The Vedas

The Vedas are the original Sanskrit texts of India's ancient spiritual culture. The Vedas include knowledge on every facet of human endeavor, material and spiritual, like a set of reference manuals for achieving ultimate success in this life and the next. "Veda" literally means "knowledge," and "Vedic," in its extended meaning, refers to works that extend or follow the Vedas, including the Puranas, Vedanta-sutra, and Upanishads.

The Puranas, or "ancient histories," are meant to make the Vedas more accessible for the people in the present age. And the Bhagavat Purana, or Srimad-Bhagavatam, is called the essence, or the "cream" of all Vedic literature.


According to the tradition, the Vedas have existed for as long as there have been conscious beings to hear them. But only since the thirtieth century BCE were they edited and put into written form. The original Veda became divided into four - Rig, Yajur, Sama, and Atharva Vedas - along with the Puranas (histories), the eighteen Upanishads, and finally the Vedanta-sutra, which contains highly condensed codes summarizing the final conclusion of all knowledge. Some scholars accept only the four Vedas as truly "Vedic," but we use the term to refer to the whole body of literature which extends or follows the Vedas' teachings.

The editor and compiler of the Vedas, Vyasadeva, also compiled the Mahabharata, or "great history of the Earth," which contains Krishna's instructions to Arjuna in the famous Bhagavad-gita. Vyasadeva's commentary on the Vedanta-sutra - Srimad-Bhagavatam - is considered the cream of all Vedic literature. It has detailed information on how to develop love of God by hearing about Him, His many avatars, and His empowered representatives.

Image of an 18th century manuscript of the Bhagavad-gita courtesy of the Schoyen Collection


  • Srimad-Bhagavatam, 1.4.23, Purport:

    "The original source of knowledge is the Vedas. There are no branches of knowledge, either mundane or transcendental, which do not belong to the original text of the Vedas. They have simply been developed into different branches. They were originally rendered by great, respectable and learned professors. In other words, the Vedic knowledge, broken into different branches by different disciplic successions, has been distributed all over the world. No one, therefore, can claim independent knowledge beyond the Vedas.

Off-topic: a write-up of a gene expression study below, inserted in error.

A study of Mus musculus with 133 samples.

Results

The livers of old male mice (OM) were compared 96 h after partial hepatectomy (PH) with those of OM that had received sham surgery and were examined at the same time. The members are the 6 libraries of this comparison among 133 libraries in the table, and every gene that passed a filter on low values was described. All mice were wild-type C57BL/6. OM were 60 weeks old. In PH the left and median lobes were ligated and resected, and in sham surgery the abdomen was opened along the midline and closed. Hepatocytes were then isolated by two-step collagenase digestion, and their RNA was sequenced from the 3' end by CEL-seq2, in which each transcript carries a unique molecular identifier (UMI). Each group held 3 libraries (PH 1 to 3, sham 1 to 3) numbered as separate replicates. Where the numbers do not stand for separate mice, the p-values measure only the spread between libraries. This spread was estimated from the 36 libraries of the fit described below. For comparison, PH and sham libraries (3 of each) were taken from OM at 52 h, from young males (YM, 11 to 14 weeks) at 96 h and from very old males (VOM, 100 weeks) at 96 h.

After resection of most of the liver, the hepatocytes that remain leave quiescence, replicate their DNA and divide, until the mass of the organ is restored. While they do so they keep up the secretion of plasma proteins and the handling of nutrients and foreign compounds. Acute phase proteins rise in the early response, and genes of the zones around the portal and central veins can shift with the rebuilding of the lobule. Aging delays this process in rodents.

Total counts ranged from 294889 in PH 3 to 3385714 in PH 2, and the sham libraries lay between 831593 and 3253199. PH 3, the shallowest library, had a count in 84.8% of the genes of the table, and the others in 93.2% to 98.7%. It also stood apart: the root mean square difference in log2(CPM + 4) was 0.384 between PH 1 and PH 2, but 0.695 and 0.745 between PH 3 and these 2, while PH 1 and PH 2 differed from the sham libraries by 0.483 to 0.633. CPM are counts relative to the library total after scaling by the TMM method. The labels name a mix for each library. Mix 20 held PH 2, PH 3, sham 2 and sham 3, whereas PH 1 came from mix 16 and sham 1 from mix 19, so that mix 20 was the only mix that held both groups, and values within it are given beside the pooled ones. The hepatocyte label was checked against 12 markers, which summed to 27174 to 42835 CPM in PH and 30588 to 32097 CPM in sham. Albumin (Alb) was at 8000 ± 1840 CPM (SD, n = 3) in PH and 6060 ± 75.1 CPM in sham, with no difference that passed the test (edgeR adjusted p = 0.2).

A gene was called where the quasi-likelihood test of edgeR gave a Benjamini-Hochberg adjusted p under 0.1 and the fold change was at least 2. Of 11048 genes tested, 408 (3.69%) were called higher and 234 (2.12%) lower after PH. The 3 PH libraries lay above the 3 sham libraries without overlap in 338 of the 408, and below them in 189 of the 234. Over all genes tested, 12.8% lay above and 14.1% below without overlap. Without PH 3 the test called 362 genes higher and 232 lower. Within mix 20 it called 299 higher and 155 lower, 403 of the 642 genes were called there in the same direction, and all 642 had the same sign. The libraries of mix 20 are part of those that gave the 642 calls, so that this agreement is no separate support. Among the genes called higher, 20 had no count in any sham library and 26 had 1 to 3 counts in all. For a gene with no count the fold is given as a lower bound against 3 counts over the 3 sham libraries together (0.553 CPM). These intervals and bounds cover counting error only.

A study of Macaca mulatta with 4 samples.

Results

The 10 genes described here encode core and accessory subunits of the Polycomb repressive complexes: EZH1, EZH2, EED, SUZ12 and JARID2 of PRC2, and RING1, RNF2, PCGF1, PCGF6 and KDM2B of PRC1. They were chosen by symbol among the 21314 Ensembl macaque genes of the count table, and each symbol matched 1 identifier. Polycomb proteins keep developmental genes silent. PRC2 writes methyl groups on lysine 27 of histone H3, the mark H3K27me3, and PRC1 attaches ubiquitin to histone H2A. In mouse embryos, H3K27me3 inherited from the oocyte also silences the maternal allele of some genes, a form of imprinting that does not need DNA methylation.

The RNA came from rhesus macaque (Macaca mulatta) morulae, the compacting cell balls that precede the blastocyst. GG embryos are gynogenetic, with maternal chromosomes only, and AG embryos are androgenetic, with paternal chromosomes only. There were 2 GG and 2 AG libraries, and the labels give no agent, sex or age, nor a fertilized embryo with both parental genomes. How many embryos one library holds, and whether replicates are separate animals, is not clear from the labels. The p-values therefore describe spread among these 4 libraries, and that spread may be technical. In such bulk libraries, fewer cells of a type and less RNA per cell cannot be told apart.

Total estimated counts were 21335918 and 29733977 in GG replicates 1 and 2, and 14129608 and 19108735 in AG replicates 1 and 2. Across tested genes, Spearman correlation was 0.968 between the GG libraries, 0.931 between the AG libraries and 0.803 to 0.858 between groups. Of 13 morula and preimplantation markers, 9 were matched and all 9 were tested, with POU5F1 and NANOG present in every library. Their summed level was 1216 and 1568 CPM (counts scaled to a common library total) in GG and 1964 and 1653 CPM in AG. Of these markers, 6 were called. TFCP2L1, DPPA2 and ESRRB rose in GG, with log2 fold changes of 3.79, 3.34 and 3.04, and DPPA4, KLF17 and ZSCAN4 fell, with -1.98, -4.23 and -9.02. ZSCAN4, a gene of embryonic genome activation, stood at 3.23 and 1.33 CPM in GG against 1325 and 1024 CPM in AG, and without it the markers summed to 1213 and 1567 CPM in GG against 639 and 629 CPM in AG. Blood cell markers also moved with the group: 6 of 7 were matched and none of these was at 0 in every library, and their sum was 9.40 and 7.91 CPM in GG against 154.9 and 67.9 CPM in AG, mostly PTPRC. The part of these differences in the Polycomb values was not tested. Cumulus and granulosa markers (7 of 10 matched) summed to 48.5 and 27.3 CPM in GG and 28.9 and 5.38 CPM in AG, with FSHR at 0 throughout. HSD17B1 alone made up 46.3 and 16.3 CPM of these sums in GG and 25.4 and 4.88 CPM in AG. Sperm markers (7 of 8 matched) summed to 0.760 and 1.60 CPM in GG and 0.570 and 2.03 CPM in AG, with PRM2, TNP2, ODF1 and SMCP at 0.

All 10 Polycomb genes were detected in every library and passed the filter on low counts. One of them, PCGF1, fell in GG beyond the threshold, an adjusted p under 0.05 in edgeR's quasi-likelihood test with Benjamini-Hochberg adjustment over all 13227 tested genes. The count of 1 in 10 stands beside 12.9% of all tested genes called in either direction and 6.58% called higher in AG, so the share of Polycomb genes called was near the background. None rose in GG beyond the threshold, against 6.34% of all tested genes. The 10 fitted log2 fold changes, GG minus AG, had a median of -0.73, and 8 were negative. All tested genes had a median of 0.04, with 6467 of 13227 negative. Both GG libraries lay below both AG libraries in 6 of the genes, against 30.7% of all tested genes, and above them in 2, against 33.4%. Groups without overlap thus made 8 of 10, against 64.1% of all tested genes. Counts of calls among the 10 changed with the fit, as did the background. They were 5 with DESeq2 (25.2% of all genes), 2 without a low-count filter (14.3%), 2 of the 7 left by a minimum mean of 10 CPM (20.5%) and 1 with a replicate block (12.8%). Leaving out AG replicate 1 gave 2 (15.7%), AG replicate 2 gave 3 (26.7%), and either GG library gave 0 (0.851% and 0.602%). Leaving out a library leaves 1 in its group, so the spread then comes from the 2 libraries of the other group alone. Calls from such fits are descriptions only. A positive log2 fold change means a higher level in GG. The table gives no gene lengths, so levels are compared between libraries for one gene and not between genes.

• Srimad-Bhagavatam, 2.5.15, Purport:

    "According to the Vedanta-sutras ("shastra-yonitvat"), the Supreme Lord is the author of all revealed scriptures, and all revealed scriptures are for knowing the Supreme Lord. Veda means knowledge that leads to the Lord. The Vedas are made just to revive the forgotten consciousness of the conditioned souls . . ."

  • Bhagavad-gita, 4.7, Purport

    "Principles of religion are laid down in the Vedas, and any discrepancy in the matter of properly executing the rules of the Vedas makes one irreligious. In the Bhagavatam it is stated that such principles are the laws of the Lord. Only the Lord can manufacture a system of religion. The Vedas are also accepted as originally spoken by the Lord Himself to Brahma, from within his heart. Therefore, the principles of dharma, or religion, are the direct orders of the Supreme Personality of Godhead (dharmam tu sakshad bhagavat-pranitam [ Srimad-Bhagavatam 6.3.19]). These principles are clearly indicated throughout the Bhagavad-gita. The purpose of the Vedas is to establish such principles under the order of the Supreme Lord, and the Lord directly orders, at the end of the Gita, that the highest principle of religion is to surrender unto Him only, and nothing more. The Vedic principles push one towards complete surrender unto Him; and whenever such principles are disturbed by the demoniac, the Lord appears."

  • Bhagavad-gita, 15.15, Purport :

    "The Vedas give the right direction to people so that they can properly mold their lives and come back to Godhead, back to home. The Vedas offer knowledge of the Supreme Personality of Godhead, Krishna, and Krishna in His incarnation as Vyasadeva is the compiler of the Vedanta-sutra. The commentary on the Vedanta-sutra by Vyasadeva in the Srimad-Bhagavatam gives the real understanding of Vedanta-sutra. . ."

  • Bhagavad-gita, 15.15, Purport:

    "If one is serious about understanding the Vedic knowledge, then Krishna gives the required intelligence. Why does He present the Vedic knowledge for understanding? Because a living entity individually needs to understand Krishna. Vedic literature confirms this: yo 'sau sarvair vedair giyate. In all Vedic literature, beginning from the four Vedas, Vedanta-sutra and the Upanishads and Puranas, the glories of the Supreme Lord are celebrated. By performance of Vedic rituals, discussion of the Vedic philosophy and worship of the Lord in devotional service, He is attained."

  • Srimad-Bhagavatam, 1.3.41:

    "Sri Vyasadeva delivered it (Srimad-Bhagavatam) to his son, who is the most respected among the self-realized, after extracting the cream of all Vedic literatures and histories of the universe."